Eastern receiver Keyion Dixon celebrates a catch during a preseason scrimmage last month. The Colonels open the season Saturday at Marshall. (EKU Athletics Photo)
By KEITH TAYLOR
RICHMOND, Ky. — Eastern Kentucky University coach Walt Wells wasn’t satisfied when the Ohio Valley Conference told member schools they could play only four games this season. He wanted more and pieced together an eight-game schedule that begins this weekend.
“If you can play four, why can’t you play eight (games)? Why can’t you play 10 (games)?” Wells said earlier this week. “The Southeastern Conference is playing 10 (games) and their blood is the same as our guys’ blood. … I think our bubble is safe and I think our kids have bought into that. … I felt like it was safe for our kids to do and, if it became unsafe, we would have to make adjustments. So far, knock on wood, we’ve been fortunate that everything has been going in the right direction. We needed to play football in the fall. That’s what’s best for our team and our university and I don’t see how (playing football) can happen in the spring.”
The Colonels will open the season Saturday at Marshall in a 1 p.m. kickoff that will be televised nationally on ESPN. The two traditional FCS powerhouse programs met yearly from 1985-1992 and most recently two years ago when the Thundering Herd dealt Eastern a 32-16 setback in Huntington.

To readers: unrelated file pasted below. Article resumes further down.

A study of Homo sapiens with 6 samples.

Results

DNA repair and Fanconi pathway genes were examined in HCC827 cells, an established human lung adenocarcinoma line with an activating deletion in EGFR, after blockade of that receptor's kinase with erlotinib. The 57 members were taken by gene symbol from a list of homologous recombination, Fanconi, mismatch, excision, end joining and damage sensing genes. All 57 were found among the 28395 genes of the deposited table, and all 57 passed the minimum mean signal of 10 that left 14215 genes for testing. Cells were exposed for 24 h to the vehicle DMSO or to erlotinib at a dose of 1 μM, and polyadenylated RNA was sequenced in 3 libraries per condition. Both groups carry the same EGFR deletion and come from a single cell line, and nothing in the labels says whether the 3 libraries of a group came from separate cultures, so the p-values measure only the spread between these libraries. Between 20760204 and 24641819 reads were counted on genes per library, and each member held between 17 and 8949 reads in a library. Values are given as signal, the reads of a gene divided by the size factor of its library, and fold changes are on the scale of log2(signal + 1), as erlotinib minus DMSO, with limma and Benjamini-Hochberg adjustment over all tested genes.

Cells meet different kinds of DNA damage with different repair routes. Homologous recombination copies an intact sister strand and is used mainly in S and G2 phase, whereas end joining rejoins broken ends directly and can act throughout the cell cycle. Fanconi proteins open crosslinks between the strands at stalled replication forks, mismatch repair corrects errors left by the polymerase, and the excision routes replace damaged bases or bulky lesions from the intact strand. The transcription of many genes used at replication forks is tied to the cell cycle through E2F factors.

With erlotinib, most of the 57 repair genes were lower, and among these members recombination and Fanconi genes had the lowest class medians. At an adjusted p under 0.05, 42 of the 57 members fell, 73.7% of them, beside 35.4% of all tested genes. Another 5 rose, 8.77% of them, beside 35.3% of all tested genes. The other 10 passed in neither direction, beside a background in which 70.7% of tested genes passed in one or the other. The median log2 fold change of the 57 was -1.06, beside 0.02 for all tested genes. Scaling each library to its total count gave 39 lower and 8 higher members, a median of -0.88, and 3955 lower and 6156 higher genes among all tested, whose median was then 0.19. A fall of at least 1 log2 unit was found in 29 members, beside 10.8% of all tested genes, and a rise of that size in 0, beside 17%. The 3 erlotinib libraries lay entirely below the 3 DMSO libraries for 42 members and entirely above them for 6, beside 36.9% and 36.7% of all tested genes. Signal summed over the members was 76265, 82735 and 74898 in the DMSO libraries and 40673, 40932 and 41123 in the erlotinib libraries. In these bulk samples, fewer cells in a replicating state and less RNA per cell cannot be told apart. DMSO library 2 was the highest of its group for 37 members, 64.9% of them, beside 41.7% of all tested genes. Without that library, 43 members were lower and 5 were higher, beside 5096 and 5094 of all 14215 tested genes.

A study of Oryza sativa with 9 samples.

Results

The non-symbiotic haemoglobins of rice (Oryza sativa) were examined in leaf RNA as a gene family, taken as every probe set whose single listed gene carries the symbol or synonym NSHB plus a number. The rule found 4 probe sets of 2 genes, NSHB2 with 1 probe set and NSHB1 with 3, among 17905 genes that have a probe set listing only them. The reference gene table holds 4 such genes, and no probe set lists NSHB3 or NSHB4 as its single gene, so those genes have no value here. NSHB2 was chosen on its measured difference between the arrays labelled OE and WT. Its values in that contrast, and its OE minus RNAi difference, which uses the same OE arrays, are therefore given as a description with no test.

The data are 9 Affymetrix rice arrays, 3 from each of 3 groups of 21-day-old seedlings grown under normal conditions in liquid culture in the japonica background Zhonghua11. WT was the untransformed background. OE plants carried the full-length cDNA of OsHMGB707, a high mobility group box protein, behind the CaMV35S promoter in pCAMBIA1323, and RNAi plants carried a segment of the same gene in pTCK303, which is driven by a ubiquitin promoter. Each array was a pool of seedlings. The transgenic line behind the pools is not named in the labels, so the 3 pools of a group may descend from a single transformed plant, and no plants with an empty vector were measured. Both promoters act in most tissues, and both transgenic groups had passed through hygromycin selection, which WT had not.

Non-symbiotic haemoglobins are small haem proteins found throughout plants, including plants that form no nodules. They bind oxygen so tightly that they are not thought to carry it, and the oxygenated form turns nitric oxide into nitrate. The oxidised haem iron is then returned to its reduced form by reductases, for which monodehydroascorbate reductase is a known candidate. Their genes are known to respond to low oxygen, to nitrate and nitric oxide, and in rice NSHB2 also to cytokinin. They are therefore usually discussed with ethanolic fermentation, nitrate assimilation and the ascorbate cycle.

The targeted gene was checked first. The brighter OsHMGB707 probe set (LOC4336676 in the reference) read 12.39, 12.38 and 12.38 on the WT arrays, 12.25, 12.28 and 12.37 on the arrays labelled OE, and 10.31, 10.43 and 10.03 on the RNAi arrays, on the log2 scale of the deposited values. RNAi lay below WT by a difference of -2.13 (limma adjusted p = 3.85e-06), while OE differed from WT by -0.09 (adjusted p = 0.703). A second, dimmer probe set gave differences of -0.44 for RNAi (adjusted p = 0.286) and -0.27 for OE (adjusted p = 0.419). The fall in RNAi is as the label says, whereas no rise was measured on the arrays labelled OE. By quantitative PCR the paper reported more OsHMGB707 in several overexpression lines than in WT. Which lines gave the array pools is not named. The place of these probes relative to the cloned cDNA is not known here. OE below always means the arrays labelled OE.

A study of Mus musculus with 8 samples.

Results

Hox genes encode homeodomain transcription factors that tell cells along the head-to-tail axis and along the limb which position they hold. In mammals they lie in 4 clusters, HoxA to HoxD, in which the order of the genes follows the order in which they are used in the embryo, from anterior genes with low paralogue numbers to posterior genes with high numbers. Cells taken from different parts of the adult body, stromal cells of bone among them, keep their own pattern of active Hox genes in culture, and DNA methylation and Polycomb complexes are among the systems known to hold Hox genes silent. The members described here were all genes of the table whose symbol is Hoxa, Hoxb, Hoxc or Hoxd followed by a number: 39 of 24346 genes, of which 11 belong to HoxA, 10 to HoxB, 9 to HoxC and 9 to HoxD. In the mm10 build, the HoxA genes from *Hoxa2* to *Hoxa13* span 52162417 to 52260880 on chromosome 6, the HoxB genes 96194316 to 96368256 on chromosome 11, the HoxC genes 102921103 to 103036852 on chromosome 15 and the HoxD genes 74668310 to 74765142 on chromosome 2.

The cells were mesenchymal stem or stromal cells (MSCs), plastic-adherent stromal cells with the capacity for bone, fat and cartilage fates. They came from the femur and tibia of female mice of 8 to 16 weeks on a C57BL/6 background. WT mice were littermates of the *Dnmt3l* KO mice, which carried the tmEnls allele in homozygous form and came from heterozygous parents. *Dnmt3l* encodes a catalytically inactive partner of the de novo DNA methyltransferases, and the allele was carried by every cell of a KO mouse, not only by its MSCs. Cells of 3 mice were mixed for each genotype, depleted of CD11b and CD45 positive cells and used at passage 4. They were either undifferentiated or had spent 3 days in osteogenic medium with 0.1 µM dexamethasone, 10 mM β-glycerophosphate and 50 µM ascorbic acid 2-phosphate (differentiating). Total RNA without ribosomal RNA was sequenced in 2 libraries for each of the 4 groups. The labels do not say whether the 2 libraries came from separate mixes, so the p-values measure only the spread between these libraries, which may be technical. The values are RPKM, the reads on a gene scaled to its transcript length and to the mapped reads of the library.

“They’re a good football team,” Wells said. “They’ve got good depth, great players and they’re hungry. They’re ready to get back at it. They have a conference title they can play for still and I’m sure they’re looking forward to getting in there and getting after it and get ready to go. When they blow the whistle, it’s going to be 11-on-11 and we need to go out there and make sure we take advantage of every situation.”
Wells, a former assistant coach under Roy Kidd from 1997-2002 and later an assistant for one year under Dean Hood in 2015, spent the past two years as a quality control assistant under Mark Stoops at Kentucky.
Eastern finished 7-5 last season, while Marshall went 8-5 and lost to Central Florida in the Bad Boy Mowers Gasparilla Bowl last December.
Wells said his squad gained “an appreciation for everything that we have and have been given and football” during the pandemic that began last March.
“When you’re around something and you’ve done it for a long time and even though you love it, you may take advantage of it,” he said. “The absence (of football) from spring ball, to the grind of the workouts to the camaraderie in the locker room … little things like that. You take advantage of that when it’s the norm, but when it’s not the norm, you miss all of that.”
Wells said the biggest challenge during the pandemic was to get to know his team from top to bottom.
“That part of it has been the most difficult thing for me and for the kids,” he said. “We’ve got to build that trust in each other and I think through this camp period that we’ve had, we’ve had an opportunity to start that.”
Despite the uncertainly surrounding the season during fall camp, the players remained focused on the task at hand and trusted the staff’s judgment on a weekly basis.
“It was definitely stressful,” Eastern offensive lineman Tucker Schroeder said. “Coach Wells did a great job of keeping us prepared and he kept us updated. Anytime something happened, he kept us updated and we kept going through the protocols, rolling with the punches. Every week was different. … we trusted the process and we ended getting a great schedule. We couldn’t be more excited.”